Here in the Northern Hemisphere, the summer holidays have finished. However, as scleroderma patients, we know all too well that we do not have a holiday from this diagnosis.
However, this year, I feel that my experience has been more like a circus performer as I’m juggling the many demands my disease brings.
I try not to let the seasonal change from summer to autumn sadden me. I know that I will have to prepare for battening down my hatches, and a return to my polar-style outfits.
This year, I have been very fragile, having started the year with shingles. At the start of spring, I wrote about the Pandora’s box of this rare disease and my skin cancer experience. I also wrote about my ongoing dental issues due to my diagnosis.
In this column, I will focus on the dental and oral implications of this disease and my recent dental visits. Tightening of the skin on the face, combined with shrinkage to the soft tissue around the mouth and lips, causes thinning of the lips and deep lines around the mouth.
This change in facial shape and appearance can cause multiple complications, including tooth loss due to the recession of the gums and tooth root reabsorption. A dry mouth symptom can lead to mouth infections and tooth abscesses. Mouth opening can be very difficult, so a patient, understanding, and scleroderma-informed dentist is needed.
I am extremely grateful to my dentist, Dr. Andrew Booth, and dental hygienist, Louise Doran, for their continued patience and expertise. I see Louise every three months, combined with appointments with Andrew every six months. However, this schedule is often interrupted because of an emergency appointment due to a flare caused by an infection.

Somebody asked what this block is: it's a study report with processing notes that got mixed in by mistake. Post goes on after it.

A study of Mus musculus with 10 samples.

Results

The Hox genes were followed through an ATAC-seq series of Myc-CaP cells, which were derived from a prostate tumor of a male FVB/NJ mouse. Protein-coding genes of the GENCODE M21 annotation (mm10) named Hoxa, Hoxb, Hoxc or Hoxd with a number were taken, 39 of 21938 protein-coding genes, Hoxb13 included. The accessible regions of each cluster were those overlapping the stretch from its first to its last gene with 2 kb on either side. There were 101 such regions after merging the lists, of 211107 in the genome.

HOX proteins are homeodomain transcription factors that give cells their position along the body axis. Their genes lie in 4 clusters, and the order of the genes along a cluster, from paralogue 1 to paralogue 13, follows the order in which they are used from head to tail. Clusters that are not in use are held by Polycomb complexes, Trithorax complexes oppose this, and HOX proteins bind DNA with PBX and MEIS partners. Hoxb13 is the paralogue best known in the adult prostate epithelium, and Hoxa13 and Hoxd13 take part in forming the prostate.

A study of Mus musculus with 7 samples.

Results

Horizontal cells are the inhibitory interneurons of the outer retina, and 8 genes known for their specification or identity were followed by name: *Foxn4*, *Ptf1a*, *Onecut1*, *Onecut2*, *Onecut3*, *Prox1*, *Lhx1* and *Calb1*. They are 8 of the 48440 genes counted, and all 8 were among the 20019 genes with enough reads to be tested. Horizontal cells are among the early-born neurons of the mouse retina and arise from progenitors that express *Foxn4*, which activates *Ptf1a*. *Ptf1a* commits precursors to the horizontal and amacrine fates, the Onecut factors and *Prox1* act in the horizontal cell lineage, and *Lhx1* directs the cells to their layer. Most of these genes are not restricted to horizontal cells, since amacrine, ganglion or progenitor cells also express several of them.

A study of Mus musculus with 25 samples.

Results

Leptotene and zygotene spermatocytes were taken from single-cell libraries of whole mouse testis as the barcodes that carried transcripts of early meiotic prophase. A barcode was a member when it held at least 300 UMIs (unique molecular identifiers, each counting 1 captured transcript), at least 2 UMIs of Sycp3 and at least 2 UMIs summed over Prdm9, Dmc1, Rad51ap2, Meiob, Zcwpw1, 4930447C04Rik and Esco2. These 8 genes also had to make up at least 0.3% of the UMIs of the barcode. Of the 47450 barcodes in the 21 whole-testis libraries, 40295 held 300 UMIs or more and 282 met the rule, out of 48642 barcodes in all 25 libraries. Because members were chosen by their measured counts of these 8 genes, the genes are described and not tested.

Day 18 Scleroderma Awareness Month 2016.
I have difficulty holding a toothbrush due to the physical limitation in my hands and fingers. Over the years, I have developed gum recession, which is excruciatingly painful and requires tooth extractions and results in increased susceptibility to infection due to a continually dry mouth.
I am devastated to have had three tooth extractions due to scleroderma. However, in the bigger picture, I know that this is a small irrelevance compared to some of the organ devastation that other patients experience.
Throughout this year, my gum recession has deteriorated. Last week, during my appointment with Louise, I nearly passed out. I had pain shooting across my face, along to my ear, caused by the exposure of my teeth’s roots, due to gum recession.
After a few days’ of recovery, Andrew very kindly applied a sealant over the exposed part of the teeth. So far, this has proved successful, and I am elated to be “face-ache free.”
I am extremely cautious with the foods I eat, choosing softer, easier-to-chew foods, as my best option. The scleroderma tooth fairy is not having my two front teeth or any more of my teeth! Dental and mouth involvement is most definitely a current unmet clinical need.
Other unmet clinical needs include:
- Soft tissue ulcers
- Sclerodactyly hands
- Invisible disability
- Raynaud’s phenomenon
Investment in medical research is crucially needed.
Overall, for optimum patient care:
In the meantime, I continue to remind myself that my job today is to simply get better, with the scleroderma tooth fairy away, on a permanent holiday.
Living the dream, scleroderma style.
Note: Scleroderma News is strictly a news and information website about the disease. It does not provide medical advice, diagnosis, or treatment. This content is not intended to be a substitute for professional medical advice, diagnosis, or treatment. Always seek the advice of your physician or other qualified health provider with any questions you may have regarding a medical condition. Never disregard professional medical advice or delay in seeking it because of something you have read on this website. The opinions expressed in this column are not those of Scleroderma News or its parent company, BioNews Services, and are intended to spark discussion about issues pertaining to scleroderma.